Last week, when the call came late in the afternoon that someone had canceled an appointment with the physical therapy students at Samaritan's Touch, Hanan Shalash didn't hesitate to take that slot.
Shalash had arthroscopic knee surgery in January for torn cartilage. She was told to get physical therapy and did until her insurance ran out. When the allowable visits ended, Shalash was left with pain.
"I can't afford it. It is too expensive," she said of physical therapy. Then her therapist " told me to come here."
"Here" is the new location for Samaritan's Touch, a student-run free physical therapy clinic that operates two evenings a week.
That's right. No strings. Completely free. How often do you hear that in a discussion about health care?
Samaritan's Touch was established in 2001 to serve the uninsured and the under-insured by Lynn English, associate professor and director of clinical education for the University of Kentucky physical therapy program.
She set it up so second-year PT students would run the clinic, gaining experience in management and hands-on treatments.
Until January, it operated one night a week out of a conference room at the Salvation Army's Arnold Hanger Lodge. Patients would start lining up 90 minutes before the doors opened because the clinic didn't take appointments.
"They would wait and wait and wait," English said. "It was not a good system."
"Now we can take about six people per night, where usually we did four at the most," said Tiffany Fergason, a student who volunteers at the clinic. "There was no privacy ... no equipment. We would use cans of soup" for therapy, she said.
English began looking for a larger location in July, sending e-mails asking if anyone knew of a suitable place.
She expected to find a storefront and then have to find a way to equip it. But a colleague suggested the UK HealthCare Good Samaritan Physical Therapy Center, 125 East Maxwell Street, Suite 101.
Minutes after sitting down with UK HealthCare officials, the deal was done. The clinic opened at its current location on Jan. 11, but its grand opening celebration will be at noon Wednesday. They wanted to work out the bugs quietly first. Since moving, the student-run clinic is open 5:30 to 8 p.m. Tuesdays and Thursdays.
The extra day means more students can get more experience before their required clinicals in their third year, and more patients can receive treatment, English said. "My goal is to have all levels (of students) involved at some point, but we want to see how this works," she said.
English said she has reached out to free clinics throughout the area, letting them know the PT clinic is accepting patients. Most of their referrals come from the Lexington-Fayette County Health Department.
That's how Glenda Sellers learned of the clinic. Sellers said she experienced nerve damage during a 2006 hip replacement surgery that affected her foot.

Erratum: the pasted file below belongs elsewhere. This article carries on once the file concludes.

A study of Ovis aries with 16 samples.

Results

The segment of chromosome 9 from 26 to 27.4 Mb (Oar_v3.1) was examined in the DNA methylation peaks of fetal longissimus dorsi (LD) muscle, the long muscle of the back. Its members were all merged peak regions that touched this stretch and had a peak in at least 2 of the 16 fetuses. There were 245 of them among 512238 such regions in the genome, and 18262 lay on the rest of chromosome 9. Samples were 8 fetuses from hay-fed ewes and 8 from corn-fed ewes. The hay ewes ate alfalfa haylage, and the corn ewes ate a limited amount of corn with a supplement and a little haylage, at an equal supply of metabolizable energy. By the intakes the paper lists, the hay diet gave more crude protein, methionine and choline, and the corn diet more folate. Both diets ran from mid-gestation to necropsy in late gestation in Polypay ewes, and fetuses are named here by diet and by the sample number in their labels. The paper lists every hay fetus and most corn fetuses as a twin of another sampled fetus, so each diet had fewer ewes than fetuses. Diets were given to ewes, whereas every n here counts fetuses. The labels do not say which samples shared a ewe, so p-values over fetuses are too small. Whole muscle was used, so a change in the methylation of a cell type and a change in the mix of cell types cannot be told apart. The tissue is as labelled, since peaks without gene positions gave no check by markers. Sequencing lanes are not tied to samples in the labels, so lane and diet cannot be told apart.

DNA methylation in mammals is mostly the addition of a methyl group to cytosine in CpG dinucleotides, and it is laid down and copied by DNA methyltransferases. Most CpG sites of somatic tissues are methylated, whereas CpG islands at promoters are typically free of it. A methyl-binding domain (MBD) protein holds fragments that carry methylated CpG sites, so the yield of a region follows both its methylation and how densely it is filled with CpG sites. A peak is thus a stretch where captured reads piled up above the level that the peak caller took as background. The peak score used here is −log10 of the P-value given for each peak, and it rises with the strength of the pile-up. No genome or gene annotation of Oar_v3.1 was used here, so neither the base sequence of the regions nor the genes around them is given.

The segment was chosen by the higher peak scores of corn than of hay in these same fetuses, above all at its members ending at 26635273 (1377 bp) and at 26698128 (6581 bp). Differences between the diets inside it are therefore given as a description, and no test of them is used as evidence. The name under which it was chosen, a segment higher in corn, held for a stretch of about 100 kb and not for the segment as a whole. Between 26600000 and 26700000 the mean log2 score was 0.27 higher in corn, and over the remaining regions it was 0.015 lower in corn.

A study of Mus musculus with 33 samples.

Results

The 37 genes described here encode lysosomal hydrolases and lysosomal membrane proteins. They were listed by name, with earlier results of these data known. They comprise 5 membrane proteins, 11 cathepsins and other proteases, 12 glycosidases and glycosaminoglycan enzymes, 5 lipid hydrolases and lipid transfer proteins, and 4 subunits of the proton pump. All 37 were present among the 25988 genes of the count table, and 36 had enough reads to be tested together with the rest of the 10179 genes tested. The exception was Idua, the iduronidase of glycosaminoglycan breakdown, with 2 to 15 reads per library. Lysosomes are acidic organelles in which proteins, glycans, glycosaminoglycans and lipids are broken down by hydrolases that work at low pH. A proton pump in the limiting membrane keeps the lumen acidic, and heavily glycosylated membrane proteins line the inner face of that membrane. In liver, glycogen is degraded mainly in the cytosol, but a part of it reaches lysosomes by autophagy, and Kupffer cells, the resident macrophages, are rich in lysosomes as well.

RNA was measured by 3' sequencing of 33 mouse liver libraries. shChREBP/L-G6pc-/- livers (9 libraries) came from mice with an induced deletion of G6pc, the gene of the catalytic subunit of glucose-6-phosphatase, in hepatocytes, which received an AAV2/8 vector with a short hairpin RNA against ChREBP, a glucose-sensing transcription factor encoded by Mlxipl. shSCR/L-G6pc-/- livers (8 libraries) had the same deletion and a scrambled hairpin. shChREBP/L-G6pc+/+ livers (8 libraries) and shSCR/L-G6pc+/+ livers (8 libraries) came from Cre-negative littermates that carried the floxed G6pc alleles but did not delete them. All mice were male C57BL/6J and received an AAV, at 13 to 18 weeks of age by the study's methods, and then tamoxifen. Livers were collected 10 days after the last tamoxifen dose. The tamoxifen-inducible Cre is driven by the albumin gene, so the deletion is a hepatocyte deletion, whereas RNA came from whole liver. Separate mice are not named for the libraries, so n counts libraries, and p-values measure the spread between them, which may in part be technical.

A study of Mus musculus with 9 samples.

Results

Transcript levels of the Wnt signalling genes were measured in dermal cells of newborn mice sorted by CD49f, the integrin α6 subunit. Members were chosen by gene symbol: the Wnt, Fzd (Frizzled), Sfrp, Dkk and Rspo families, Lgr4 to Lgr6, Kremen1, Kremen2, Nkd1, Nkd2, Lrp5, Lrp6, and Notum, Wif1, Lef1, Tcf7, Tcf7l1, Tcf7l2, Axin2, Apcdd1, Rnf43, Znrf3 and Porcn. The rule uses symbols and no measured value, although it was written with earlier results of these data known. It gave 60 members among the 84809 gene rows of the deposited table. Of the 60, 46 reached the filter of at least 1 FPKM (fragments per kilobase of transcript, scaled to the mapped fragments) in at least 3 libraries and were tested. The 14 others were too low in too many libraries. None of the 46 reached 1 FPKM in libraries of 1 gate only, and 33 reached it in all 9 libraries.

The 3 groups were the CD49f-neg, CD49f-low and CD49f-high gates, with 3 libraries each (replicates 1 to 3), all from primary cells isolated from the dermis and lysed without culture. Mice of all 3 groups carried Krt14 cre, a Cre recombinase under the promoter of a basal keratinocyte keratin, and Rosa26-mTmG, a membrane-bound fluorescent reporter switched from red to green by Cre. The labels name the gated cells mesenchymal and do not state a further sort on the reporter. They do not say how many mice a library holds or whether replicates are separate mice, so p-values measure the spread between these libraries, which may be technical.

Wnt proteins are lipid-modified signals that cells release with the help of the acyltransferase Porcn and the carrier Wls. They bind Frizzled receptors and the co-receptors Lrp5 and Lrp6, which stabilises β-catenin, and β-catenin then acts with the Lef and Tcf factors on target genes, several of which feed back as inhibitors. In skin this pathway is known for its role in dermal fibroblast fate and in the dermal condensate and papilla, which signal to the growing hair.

Her doctor told her the use of her foot "would come back in six to nine months, but it's been five years," she said.
Sellers has pain in her back, hip and foot but has no pain medication. She said a physical therapist came to her home for a week after the surgery; since then, she's been trying to do things herself.
Chad Ford, a PT student, worked with her, showing Sellers various exercises and then giving her an illustration to take home to continue the treatment.
Although she continues to struggle, Sellers said that since she began coming once a week for treatments three weeks ago, the pain has decreased. On a scale of 1 to 10, "the pain was an eight but now it is a six," she said. "They are trying to get me in twice a week. I feel some relief," Sellers said, "but it is going to take a while."
Samaritan's Touch is allowed access to all the clinic's equipment and computers. Some equipment, such as walking aids, are donated and given to patients, Fergason said. "If you need it and we have it, you can have it. And if anyone in the community has equipment, we will take it."
Three students to offer treatment and one student coordinator are available each night and are supervised by a licensed physical therapist. Eighteen students volunteer with the clinic along with several physical therapists, so each serves only a few times a year.
Sharon Figgs has come to the clinic for two weeks since she fell while recovering from heart bypass and colon cancer surgery, and pneumonia. When she fell, she injured her shoulder, but she doesn't have health insurance. Her cousin, who is associated with Lexington Rescue Mission, told her to go to the clinic.
"The treatments have been wonderful," Figgs said. "I know my pain has decreased about 70 percent."
Ford, who was also working with Figgs, said her range of motion had increased 60 degrees. "That's a lot," he said. "This is her fourth visit in two weeks."
Figgs said she continues the exercises at home because "exercise is important." If anyone asks, "I'm going to tell everyone that this is available and that they provide a good service," she said. "I am so blessed."
So, too, is Billy Peavler, whose knee gave out last year, forcing him to have knee replacement surgery in April. By June, his insurance that paid for physical therapy, along with the job he had held for more than 22 years, disappeared.
"There I was stuck with no insurance," he said. "I didn't know what I was going to do."
He visited the health department and was told about Samaritan's Touch. "People have been good to me here," he said. "The whole staff has been good, working with me twice a week."